Fury’s de Guzman: ‘We poked the bear with win vs. Whitecaps’


Ottawa Fury FC's Paulo Junior is hoisted into the air by teammate Carl Haworth after scoring against the Vancouver Whitecaps last week. (Sean Kilpatrick/CP)

VANCOUVER—Early this week, as the Vancouver Whitecaps trained at BC Place in preparation for the second leg of the Amway Canadian Championship semifinal, members of the team insisted on one thing in particular: No, they didn’t underestimate the Ottawa Fury, who beat them in the first leg at TD Place Stadium last week.

“We knew they had quality,” said defender Jordan Harvey of Ottawa, who compete in the second-tier North American Soccer League. “Everybody talks about a lower division—they’ve got guys who’ve played all over, in different leagues, MLS and all over, so we didn’t look at it like that. They’ve got some good players and it showed. Now we have to make up some ground.”

Making up ground on Wednesday evening in the second leg at BC Place means the home side will need to dominate possession and set the pace. They’ll also be desperate for a clean sheet, with Ottawa leading the series 2–0 on aggregate (the away goals rule is in effect for the tournament).

While the match in Ottawa was an opportunity for Vancouver coach Carl Robinson to give some younger players an extended go—including first-team debuts for 23-year-old midfielder Ben McKendry and 15-year-old forward Alphonso Davies—the second leg will likely feature more of the team’s regular starters (minus Christian Bolanos, Kendall Waston and Blas Perez, who are all away on international duty).

On Tuesday, the team announced the additions of Pedro Morales, Matias Laba and David Ousted to the 23-man roster.

“You’ll see a few different faces in the team,” Whitecaps assistant coach Gordon Forrest said.

And Harvey, a veteran of Major League Soccer who’s been one of the team’s most solid and consistent performers this season, said he’s been eager to take the field since seeing his team lose on the road (he was on the bench for the game in Ottawa). Vancouver will need to put up a much stronger performance if they’re going to defend the trophy they won last year. Now, at least, they have some sense of what they’re up against.

“It was very physical,” said Harvey of what he saw in Ottawa. “I don’t think we matched that.”

“Didn’t surprise me, the energy they had,” said goalkeeper Paolo Tornaghi, who started for the Whitecaps last week. “Of course the underdogs, sometimes they don’t have nothing to lose, but this is the way soccer is: you have underdogs and you have favourite teams.”

The Fury may have entered the ACC semifinal as the underdog, but they’ll enter the second leg with a clear advantage. According to Ottawa midfielder Julian de Guzman, though, the team also knows to expect more from the Whitecaps this time around.

“We’ve pretty much poked the bear,” said de Guzman in a phone interview with Sportsnet. “We’re definitely going to expect a different Vancouver than we encountered in the first leg.”

De Guzman, along with teammate Marcel de Jong, missed out on the first leg because of international duty. Both were in Austria representing the Canadian national team in a friendly with Azerbaijan, which ended in a 1–1 draw. But de Guzman and de Jong were released from the men’s camp early to join the Fury for the trip to Vancouver.

“I had the opportunity to play in that tournament with TFC three years in a row, and I think it’s a great experience,” de Guzman said of his excitement at participating in the Voyageurs Cup. The 35-year-old, who has made four starts for Ottawa this season in the NASL, said his team has no qualms about an uphill battle.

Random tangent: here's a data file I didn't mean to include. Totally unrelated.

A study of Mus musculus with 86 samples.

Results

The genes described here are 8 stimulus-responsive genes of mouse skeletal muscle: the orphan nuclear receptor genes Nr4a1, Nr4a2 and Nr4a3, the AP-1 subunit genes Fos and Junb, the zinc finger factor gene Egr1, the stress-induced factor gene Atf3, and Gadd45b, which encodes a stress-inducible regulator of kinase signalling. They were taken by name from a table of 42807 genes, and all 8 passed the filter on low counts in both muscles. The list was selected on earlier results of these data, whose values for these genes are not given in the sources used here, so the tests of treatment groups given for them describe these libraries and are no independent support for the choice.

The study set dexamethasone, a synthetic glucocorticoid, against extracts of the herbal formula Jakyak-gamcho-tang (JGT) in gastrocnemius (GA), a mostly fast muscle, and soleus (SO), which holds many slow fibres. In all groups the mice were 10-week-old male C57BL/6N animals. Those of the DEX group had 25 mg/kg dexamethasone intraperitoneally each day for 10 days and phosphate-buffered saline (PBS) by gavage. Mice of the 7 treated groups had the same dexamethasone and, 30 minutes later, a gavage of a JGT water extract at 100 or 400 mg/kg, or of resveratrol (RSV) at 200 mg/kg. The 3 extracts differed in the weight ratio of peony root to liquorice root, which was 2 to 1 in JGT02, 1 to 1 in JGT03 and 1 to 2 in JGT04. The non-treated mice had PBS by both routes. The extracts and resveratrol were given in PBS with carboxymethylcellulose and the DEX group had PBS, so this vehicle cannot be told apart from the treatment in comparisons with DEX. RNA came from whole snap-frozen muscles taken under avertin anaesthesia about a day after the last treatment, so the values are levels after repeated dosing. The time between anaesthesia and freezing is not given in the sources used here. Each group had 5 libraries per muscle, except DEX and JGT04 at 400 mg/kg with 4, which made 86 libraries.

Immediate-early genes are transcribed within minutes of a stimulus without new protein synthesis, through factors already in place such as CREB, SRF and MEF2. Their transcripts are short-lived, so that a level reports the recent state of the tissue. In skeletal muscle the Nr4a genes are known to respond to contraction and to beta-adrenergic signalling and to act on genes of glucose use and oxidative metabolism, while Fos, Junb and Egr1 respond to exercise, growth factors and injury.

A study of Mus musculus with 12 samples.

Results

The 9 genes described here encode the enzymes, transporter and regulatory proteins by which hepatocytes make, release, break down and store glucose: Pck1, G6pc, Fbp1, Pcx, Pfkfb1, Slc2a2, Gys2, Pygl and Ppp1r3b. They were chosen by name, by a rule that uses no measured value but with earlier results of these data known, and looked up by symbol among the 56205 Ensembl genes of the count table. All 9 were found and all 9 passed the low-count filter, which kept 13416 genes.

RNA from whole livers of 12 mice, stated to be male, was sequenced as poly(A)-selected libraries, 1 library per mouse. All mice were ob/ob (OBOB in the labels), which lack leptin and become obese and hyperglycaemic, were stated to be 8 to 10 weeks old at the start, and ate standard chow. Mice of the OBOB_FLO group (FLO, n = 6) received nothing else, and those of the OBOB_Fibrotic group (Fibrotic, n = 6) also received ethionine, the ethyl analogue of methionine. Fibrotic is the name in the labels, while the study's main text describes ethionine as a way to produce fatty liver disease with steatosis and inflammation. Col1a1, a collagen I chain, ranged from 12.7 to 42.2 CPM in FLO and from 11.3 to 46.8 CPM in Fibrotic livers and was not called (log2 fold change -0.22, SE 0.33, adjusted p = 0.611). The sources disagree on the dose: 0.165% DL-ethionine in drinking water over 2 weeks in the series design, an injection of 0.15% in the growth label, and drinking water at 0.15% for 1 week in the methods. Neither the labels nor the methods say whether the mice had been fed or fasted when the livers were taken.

“I think we’ve been underdogs this entire tournament, from the time we started against Edmonton,” de Guzman stated. “I think it’s an honest statement to make, and I think we’ll just take it as it is. But being the underdog doesn’t mean that you don’t have a chance to win. It’s important that we continue to show a lot of courage.”

Getting de Guzman and de Jong back for the second leg is an obvious boost for a thinned-out Ottawa side. But with all the travel they’ve endured, it’s tough to say how much of a factor they’ll really be.

“Since the game in Austria I’ve just been busy travelling, trying to get over here,” de Guzman said. “It’s been almost three days now and I haven’t really had a chance to train.”

De Guzman noted that many of his injuries have resulted from the strains of travel. He’ll take a wait-and-see approach to his fitness on Wednesday, though he noted that de Jong would likely have an easier time dealing with the scheduling.

“Marcel’s younger than me,” said de Guzman, laughing. “I think he won’t have that much of a problem to bounce back.”

Despite being unsure of how many minutes he’ll get, de Guzman was clear on one thing: his team is prepared for an onslaught from a Vancouver side eager to avoid embarrassment on their home field.

“They’re gonna come out guns blazing,” he said. “We have to be wise in a lot of situations in how we manage ourselves with the ball—when we do have the ball, how we can provoke them to make fouls and really dictate the tempo of the game. And tempo, meaning not just being in possession of the ball but actually how we start a play, whether it’s a throw-in or a free kick, or any type of set-up.”

De Guzman is hopeful about his team’s chances, even with Vancouver’s many advantages.

“It’s already been proven many times where the underdog somehow prevails in moments like this,” he said.

The Whitecaps, for their part, aren’t lacking in confidence either.

“You play another 90 minutes, and what is the past is the past,” Tornaghi said. “We can’t control it, so we are confident. We know the qualities we have. We know our strengths and weaknesses—and we’re gonna go for the win.”